CPAC activists booed Jeb Bush when Sean Hannity broached the subject of immigration in a Q&A with the former Florida governor, but Bush stood by his perceived conservative heresies on the issue, winning applause as he argued that Americans shouldn’t feel deprived of jobs by incoming immigrants.
“For those who made an ‘oo’ sound — is that what it was? — I’m marking you down as neutral and I want to be your second choice,” Bush said, grinning. Asked if he still supports providing driver’s licenses and in-state tuition prices to illegal immigrants, Bush initially demurred. When Hannity circled back to those past stances, he stood by the policies — neither of which passed into law when he was in office — and noted that a conservative state legislature and governor signed an in-state tuition bill into Florida law just this year.
Bush said that “first and foremost” the federal government should secure the borders, but emphasized that “there is no plan to deport 11 million people.”
He argued that immigration hawks who suggest that incoming illegal immigrants will deprive poor Americans of job opportunities implicitly subscribe to a liberal view of the economy as a static thing.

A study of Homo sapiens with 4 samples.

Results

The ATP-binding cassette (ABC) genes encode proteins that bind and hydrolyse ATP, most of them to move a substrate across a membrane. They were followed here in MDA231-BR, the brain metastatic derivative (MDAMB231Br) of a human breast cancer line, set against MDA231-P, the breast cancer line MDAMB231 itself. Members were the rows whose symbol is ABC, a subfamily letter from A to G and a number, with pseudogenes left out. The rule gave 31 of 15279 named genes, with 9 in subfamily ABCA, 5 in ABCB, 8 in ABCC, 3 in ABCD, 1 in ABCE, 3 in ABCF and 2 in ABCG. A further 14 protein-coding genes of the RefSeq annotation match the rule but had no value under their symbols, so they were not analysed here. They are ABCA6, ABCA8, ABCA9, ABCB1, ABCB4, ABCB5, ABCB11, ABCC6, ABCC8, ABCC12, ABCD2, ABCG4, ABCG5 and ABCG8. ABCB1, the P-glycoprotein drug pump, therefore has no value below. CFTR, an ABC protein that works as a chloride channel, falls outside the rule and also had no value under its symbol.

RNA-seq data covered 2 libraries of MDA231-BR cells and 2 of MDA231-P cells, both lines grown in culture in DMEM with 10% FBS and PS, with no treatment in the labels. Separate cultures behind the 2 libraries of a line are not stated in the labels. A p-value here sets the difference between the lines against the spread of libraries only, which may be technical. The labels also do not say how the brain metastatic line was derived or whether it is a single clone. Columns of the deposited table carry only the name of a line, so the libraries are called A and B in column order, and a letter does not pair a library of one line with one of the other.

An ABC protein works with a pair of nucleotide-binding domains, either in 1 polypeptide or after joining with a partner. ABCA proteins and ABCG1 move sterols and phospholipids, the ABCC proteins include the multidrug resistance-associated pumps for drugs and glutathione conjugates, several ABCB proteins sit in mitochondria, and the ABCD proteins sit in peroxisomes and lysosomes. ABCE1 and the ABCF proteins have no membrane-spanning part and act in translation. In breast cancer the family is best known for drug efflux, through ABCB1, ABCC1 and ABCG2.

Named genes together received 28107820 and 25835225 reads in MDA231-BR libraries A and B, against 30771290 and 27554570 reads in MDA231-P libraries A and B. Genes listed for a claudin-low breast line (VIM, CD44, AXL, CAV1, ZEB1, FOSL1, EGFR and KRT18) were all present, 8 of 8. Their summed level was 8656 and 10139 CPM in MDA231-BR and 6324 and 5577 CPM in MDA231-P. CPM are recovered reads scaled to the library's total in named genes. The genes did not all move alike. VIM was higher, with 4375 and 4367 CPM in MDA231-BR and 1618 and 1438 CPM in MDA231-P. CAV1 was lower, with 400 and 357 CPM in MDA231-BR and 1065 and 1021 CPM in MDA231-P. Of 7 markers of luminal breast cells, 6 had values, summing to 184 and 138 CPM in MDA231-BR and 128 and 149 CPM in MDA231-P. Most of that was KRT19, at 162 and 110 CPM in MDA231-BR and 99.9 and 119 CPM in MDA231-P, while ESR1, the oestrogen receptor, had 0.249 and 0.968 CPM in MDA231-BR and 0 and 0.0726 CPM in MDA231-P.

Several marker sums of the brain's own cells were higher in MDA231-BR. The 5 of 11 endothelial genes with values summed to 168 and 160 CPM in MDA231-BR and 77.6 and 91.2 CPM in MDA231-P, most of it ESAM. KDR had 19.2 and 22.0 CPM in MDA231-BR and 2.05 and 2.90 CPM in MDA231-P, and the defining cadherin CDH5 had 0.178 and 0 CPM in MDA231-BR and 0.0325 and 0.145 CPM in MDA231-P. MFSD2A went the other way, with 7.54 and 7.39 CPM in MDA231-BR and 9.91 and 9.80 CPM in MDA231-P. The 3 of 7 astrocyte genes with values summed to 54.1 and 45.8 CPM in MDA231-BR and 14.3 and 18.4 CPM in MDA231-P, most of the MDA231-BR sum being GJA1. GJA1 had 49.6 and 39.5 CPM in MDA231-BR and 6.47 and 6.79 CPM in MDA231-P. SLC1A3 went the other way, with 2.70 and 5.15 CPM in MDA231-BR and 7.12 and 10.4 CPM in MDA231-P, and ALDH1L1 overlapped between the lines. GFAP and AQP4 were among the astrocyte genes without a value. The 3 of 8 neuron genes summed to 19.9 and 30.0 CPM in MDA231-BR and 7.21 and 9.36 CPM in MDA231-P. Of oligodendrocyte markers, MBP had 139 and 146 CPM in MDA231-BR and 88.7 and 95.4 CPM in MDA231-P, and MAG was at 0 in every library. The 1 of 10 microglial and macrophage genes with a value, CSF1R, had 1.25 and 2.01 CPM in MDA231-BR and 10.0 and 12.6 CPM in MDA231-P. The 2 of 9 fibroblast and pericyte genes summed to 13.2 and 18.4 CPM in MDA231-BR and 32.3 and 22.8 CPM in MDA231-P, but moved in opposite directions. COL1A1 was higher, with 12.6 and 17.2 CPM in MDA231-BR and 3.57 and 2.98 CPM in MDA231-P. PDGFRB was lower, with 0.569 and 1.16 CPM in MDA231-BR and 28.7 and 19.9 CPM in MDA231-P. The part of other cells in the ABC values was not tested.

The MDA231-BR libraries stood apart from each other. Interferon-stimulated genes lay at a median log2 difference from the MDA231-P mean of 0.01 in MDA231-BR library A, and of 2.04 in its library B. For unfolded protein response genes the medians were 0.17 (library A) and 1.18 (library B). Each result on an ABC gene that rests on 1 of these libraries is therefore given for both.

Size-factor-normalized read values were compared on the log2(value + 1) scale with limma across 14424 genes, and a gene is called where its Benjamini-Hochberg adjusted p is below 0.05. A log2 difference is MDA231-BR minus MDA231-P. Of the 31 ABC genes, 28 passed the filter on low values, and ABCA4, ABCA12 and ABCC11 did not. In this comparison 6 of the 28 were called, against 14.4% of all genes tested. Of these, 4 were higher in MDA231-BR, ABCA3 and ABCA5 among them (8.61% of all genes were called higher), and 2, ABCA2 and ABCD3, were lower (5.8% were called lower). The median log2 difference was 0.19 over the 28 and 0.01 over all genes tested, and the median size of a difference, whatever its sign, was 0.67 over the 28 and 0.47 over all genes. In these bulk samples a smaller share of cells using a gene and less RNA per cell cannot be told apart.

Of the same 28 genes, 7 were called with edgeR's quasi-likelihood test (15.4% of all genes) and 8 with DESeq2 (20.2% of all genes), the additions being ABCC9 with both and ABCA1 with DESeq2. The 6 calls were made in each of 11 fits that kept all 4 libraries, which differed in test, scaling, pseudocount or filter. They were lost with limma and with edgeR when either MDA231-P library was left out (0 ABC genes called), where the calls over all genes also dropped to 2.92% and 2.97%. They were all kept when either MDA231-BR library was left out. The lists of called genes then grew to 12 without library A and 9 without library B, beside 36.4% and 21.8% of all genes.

“I believe that what we ought to be focused on is growing the economic pie and growing it in a way that looks more like the 80s in America,” he said, referring to America’s four percent economic growth rate in those years.
Bush seemed skeptical of using the Department of Homeland Security appropriations bill to block Obama’s executive orders, though he didn’t make that explicit and instead emphasized the illegality of Obama’s executive orders on immigration.
“The president did use authority he didn’t have, the courts are going to overrule that,” he said. “I think the Congress ought to pass a bill that does not allow him to use that authority . . . It makes no sense to me that we’re not funding control of our border.”